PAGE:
When patients with mantle cell lymphoma are discussing the use of a BTK inhibitor, they must consider what their insurance will cover, as well as current health complications and potential side effects.
When choosing a Bruton tyrosine kinase (BTK) inhibitor for the treatment of mantle cell lymphoma (MCL), the decision often comes down to two considerations: insurance coverage and side effects.
“I hate to say it, but insurance usually declares which (drug) we’re going to use before we make that decision,” said Dr. Bijal Shah, associate member of the Department of Malignant Hematology at Moffitt Cancer Center. “Certainly, we’ve found that one BTK inhibitor is covered while another is not.”
BTK inhibitors all have the same basic means of operating: they bind to and block the BTK protein, an essential part of the B-cell receptor signaling pathway, which MCL uses for growth and survival. There are currently three BTK inhibitors approved for the treatment of MCL: Imbruvica (ibrutinib), Calquence (acalabrutinib) and Brukinsa (zanubrutinib).
Shah mentioned a patient he was treating who had copays of over $100 for the other two BTK inhibitors, but Brukinsa ended up not having a copay at all. “That’s obviously a game-changer for the patient.”
Besides insurance coverage, Shah said that he thinks about how the patient is going to do long-term when he is considering which treatment option to prescribe. He said that looking back on anecdotal data, about 30 to 40% of patients stop Imbruvica for side effects like atrial fibrillation and cytopenia, (low blood cell count) which Shah said has been “the hardest thing to push through.”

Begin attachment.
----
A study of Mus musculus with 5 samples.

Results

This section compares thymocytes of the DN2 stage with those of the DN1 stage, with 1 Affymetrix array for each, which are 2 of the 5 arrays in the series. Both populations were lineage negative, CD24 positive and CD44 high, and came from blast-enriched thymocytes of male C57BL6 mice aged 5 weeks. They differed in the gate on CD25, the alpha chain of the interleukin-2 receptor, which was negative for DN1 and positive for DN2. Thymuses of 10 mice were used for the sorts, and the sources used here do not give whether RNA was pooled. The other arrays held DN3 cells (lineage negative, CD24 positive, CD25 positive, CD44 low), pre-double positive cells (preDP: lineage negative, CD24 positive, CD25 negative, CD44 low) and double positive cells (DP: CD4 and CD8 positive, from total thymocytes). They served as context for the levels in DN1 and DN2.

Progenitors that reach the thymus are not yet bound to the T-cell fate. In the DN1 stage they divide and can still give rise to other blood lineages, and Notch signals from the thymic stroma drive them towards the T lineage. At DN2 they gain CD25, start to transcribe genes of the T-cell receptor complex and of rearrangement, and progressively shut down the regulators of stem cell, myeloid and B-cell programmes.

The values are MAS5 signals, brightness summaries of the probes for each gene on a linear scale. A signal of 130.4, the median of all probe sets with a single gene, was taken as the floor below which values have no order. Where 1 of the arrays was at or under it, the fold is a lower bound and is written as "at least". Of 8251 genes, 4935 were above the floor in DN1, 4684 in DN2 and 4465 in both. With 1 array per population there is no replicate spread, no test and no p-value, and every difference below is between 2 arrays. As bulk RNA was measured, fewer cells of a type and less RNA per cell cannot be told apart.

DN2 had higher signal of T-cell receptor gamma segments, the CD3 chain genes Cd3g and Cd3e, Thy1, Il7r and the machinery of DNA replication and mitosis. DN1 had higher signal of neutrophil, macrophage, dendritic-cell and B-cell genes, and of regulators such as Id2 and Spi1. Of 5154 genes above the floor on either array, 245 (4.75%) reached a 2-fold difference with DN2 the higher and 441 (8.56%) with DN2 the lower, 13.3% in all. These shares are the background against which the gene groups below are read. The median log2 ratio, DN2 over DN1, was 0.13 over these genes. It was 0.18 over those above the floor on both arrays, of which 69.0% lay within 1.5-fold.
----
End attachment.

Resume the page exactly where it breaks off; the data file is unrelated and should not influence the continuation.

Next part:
“It’s interesting that – in my experience, anyway – with (Imbruvica), we see a bit more in the way of that particular side effect,” Shah said.
With Calquence, patients may experience myalgia (muscle pain) or headaches within the first month of use.
“With headaches, you generally push through it… but myalgias are tougher. And you can see the same with (Imbruvica), but it tends to be a little later,” Shah said.
And while studies have suggested that Brukinsa has a higher rate of cytopenias, in his experience, Shah said that he has seen more instances of high blood pressure with this drug. Patients who already have hypertension may have it severely worsen with Brukinsa.
When making clinical decisions, doctors tend to look at these severe (grade 3) side effects, but patients and clinicians should have open communication about more minor maladies that come from the treatment. This may lead to changing of one BTK inhibitor to another, given that the disease is not getting worse.
“You have to keep in mind that for the year and a half or two and a half years – or whatever you get in terms of benefit with the drugs – if you have a chronic grade 1 or grade 2 toxicity, that’s not going to be a fun journey for the patient,” Shah said. “So with that background, what I would say is that if I’m seeing toxicity with one BTK inhibitor, I don’t hesitate to switch to another BTK inhibitor.”